Family History Has Complex Role in Alzheimer's Risk
Study Shows ApoE Genes Aren't the Only Factors in the Risk of Alzheimer's Disease
WebMD News Archive
Other Genes May Be in Play
Recent large genetic studies have uncovered several other genes that seem to be playing a role in the risk for late-onset Alzheimer's.
"Even though individually these additional non-ApoE risk factors might be quite small, if a family inherited several of them or different combinations of them, then it still can increase one's risk for these changes that relate to Alzheimer's disease independent of any effect of ApoE4," says study researcher John C. Morris, MD. He is a professor of neurology, pathology, immunology, and physical therapy at Washington University in St. Louis.
Morris says some of these genes share the same functions. Several are related to inflammation, for example, and he thinks they may be increasing risk by acting in concert with each other.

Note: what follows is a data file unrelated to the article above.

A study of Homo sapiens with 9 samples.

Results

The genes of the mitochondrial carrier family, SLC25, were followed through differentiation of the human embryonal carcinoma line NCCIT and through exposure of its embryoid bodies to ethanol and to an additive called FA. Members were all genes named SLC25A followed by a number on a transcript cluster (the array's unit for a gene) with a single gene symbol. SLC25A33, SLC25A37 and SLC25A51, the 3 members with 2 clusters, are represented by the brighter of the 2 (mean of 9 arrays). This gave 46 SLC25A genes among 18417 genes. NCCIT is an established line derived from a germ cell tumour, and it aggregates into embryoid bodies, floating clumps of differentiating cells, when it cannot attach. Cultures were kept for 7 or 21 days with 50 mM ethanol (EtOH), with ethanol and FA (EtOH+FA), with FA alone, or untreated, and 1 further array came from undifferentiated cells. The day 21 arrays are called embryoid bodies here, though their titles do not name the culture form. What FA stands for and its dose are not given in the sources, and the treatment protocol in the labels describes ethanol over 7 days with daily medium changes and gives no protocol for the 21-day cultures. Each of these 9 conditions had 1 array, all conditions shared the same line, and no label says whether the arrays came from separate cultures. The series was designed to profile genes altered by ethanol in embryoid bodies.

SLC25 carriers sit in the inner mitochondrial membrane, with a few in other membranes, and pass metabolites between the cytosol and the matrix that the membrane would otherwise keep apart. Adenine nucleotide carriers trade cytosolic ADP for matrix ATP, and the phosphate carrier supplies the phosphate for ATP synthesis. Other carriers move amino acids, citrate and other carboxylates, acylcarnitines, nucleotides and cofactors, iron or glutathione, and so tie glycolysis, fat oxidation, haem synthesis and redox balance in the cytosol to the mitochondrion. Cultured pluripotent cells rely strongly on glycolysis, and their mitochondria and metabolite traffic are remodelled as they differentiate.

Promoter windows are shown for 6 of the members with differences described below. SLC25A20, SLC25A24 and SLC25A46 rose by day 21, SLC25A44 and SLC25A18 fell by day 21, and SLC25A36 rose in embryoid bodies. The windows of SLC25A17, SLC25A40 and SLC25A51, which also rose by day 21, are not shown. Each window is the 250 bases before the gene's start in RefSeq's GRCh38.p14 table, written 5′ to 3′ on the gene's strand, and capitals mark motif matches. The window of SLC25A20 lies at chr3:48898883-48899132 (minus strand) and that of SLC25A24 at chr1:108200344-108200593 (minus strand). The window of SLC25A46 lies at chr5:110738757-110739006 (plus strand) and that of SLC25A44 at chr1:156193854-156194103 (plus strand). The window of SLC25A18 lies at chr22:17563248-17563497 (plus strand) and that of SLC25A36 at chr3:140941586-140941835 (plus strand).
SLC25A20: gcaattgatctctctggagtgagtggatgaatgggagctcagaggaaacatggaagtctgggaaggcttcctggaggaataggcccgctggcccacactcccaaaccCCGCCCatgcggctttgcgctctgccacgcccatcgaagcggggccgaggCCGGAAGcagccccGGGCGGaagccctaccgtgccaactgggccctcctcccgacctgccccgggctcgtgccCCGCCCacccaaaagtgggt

Other experts say there could be another explanation, too.
"Family history is not completely just genetics," says Brian Appleby, MD, a staff physician at the Lou Ruvo Center for Brain Health at Cleveland Clinic, Ohio. He was not involved in the research.
Appleby points out that families also tend to eat the same kinds of foods and share patterns of physical activity. And lifestyle is also thought to play a powerful role in Alzheimer's disease risk.
"It could be the way someone was raised and environmental factors and lifestyle factors. I think those things have to be considered, too."